Some big news today from Louisiana on post-Katrina reconstruction:
* First of all, Gov. Kathleen Blanco (D) bowed out of Louisiana's gubernatorial race yesterday, just six weeks from the start of the legislative session. In an address televised from the governor's mansion, the state's first female chief executive said:
After much thought and prayer, I have decided that I will not seek reelection as your governor.
There is nothing more important to Louisiana's future than a strong recovery, free from politics.
I'm announcing my decision early - well before the legislative session. I'm doing this so we can work without interference from election year politics. Every action in my remaining months in office will be to serve Louisiana's best interest.
Blanco also announced her intention to focus in the upcoming session on what she described as a "bold and sweeping" education agenda.
* Second, the Louisiana Recovery Authority has submitted language to the feds that would change Road Home program rules, the New Orleans Times-Picayune reports. The changes will allow owners of storm-damaged homes to get their grants more quickly by allowing them to receive the money in lump sums rather than installments from mandatory escrow accounts.
The changes were made at the insistence of the U.S. Department of Housing and Urban Development, which last week notified Louisiana officials that requiring homeowners to request phased disbursement as each stage of construction was completed violated HUD rules on "compensation" programs, which are supposed to have few strings attached, according to the paper. HUD is expected to OK the changes quickly.
The agency's demands shocked Louisiana officials, who say they had gotten HUD's approval for its program design at every step along the way, the Times-Picayune reports. The state was concerned that paying homeowners a lump sum would leave them vulnerable to predatory mortgage companies and contractors, and would remove the incentive to rebuild.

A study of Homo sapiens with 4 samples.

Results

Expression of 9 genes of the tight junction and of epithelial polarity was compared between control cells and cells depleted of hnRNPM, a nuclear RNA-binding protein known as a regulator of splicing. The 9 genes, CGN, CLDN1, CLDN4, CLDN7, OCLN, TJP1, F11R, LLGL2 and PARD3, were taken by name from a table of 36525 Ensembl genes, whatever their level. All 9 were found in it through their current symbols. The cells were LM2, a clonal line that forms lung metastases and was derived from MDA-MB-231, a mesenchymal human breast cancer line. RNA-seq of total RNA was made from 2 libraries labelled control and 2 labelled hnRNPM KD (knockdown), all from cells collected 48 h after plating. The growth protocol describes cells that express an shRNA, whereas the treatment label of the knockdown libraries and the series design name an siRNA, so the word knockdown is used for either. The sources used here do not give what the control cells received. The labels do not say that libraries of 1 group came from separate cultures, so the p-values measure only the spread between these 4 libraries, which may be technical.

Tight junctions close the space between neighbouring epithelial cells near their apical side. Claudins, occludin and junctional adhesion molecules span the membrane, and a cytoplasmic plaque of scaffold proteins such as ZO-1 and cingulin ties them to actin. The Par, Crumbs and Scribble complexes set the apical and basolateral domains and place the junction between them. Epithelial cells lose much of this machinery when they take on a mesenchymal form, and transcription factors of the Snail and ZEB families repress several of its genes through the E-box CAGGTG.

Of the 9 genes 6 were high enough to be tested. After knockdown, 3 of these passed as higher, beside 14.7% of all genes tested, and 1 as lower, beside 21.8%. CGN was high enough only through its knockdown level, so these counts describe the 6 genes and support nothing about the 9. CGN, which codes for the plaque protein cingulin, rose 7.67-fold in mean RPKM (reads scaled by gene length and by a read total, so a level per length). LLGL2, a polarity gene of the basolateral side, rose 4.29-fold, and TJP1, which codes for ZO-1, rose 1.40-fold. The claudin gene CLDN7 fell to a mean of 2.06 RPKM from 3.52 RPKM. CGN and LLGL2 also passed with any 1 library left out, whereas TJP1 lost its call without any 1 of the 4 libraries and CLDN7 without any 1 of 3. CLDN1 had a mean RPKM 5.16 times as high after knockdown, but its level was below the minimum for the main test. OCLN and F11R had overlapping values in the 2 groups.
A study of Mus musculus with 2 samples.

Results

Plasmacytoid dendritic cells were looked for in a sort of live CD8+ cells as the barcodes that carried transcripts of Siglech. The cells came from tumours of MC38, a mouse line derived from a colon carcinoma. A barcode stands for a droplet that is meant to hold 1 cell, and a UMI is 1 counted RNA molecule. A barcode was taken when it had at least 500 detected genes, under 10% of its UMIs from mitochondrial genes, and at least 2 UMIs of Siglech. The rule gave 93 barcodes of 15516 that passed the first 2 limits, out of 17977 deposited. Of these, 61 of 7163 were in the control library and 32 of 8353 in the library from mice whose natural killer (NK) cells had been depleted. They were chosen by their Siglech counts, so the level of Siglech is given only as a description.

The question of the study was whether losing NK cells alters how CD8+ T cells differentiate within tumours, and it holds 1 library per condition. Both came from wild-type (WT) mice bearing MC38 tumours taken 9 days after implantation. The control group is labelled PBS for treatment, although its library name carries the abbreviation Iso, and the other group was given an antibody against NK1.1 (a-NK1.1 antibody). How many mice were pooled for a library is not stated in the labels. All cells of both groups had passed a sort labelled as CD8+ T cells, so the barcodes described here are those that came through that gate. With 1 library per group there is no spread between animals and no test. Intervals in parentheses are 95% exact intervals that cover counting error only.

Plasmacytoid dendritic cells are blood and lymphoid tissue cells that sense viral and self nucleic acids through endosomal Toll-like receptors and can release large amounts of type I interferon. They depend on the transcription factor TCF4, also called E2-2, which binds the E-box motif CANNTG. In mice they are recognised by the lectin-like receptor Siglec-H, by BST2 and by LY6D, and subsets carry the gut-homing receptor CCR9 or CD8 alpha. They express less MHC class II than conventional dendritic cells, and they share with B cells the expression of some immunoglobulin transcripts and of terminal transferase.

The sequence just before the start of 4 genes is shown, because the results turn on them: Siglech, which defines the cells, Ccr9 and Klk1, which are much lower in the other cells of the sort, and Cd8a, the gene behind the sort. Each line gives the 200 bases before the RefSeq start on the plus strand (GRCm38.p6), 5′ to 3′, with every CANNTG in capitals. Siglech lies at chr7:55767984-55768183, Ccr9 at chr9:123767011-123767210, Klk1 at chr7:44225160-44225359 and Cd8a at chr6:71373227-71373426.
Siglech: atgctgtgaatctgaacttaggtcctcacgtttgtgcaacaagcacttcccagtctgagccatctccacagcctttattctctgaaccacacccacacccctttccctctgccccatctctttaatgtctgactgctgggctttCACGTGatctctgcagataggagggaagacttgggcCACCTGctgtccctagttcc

More than 115,000 people have applied for Road Home aid to date, but only about 3,000 have closed their grants.
*And last but certainly not least, an official report by the state of Louisiana into the devastation of New Orleans after Hurricane Katrina blames the disaster on decades of incompetence by the Army Corps of Engineers, the Times-Picayune reports:
In a sweeping indictment of Corps stewardship, the report alleges that agency supervisors ignored increases in the threat level for their project, knowingly built levees and floodwalls lower than congressionally mandated, failed to detect or ignored glaring errors during the review process, underestimated the impact of the Mississippi River-Gulf Outlet on the city's defenses, and failed to properly maintain the system.
The report, conducted by Team Louisiana at the request of the Department of Transportation and Development, echoes many points made in other probes last year, including that of the Independent Levee Investigation Team, led by the University of California-Berkeley, and the interim report from the Corps' own Independent Performance and Evaluation Team.
While earlier efforts to pinpoint what went wrong concentrated on technical aspects of the structural failures, the Louisiana State University-based Team Louisiana worked to identify the decisions that caused those failures. They include:
-- The Corps ignored two increases in the severity of the model storm that the system was designed to protect against, thus knowingly failing its 1965 congressional charge to protect the city against "the most severe combination of meteorological conditions reasonably expected."
-- In 1985, the head of the project ordered his staff to ignore an official reduction in the elevation of the land they were building on, resulting in the Corps finishing levees and floodwalls that it knew were as much as 2 feet lower than claimed.
-- The Corps failed to maintain the parts of the system properly and ignored advances in engineering knowledge and technology that could have prevented the flood.
The report calls for the state and Congress to hold "8-29 Commissions" to fully investigate the disaster, passage of a federal "Katrina Recovery Bill" to fund coastal restoration and flood protection, and greater transparency on the part of federal and state authorities when discussing flood protection plans.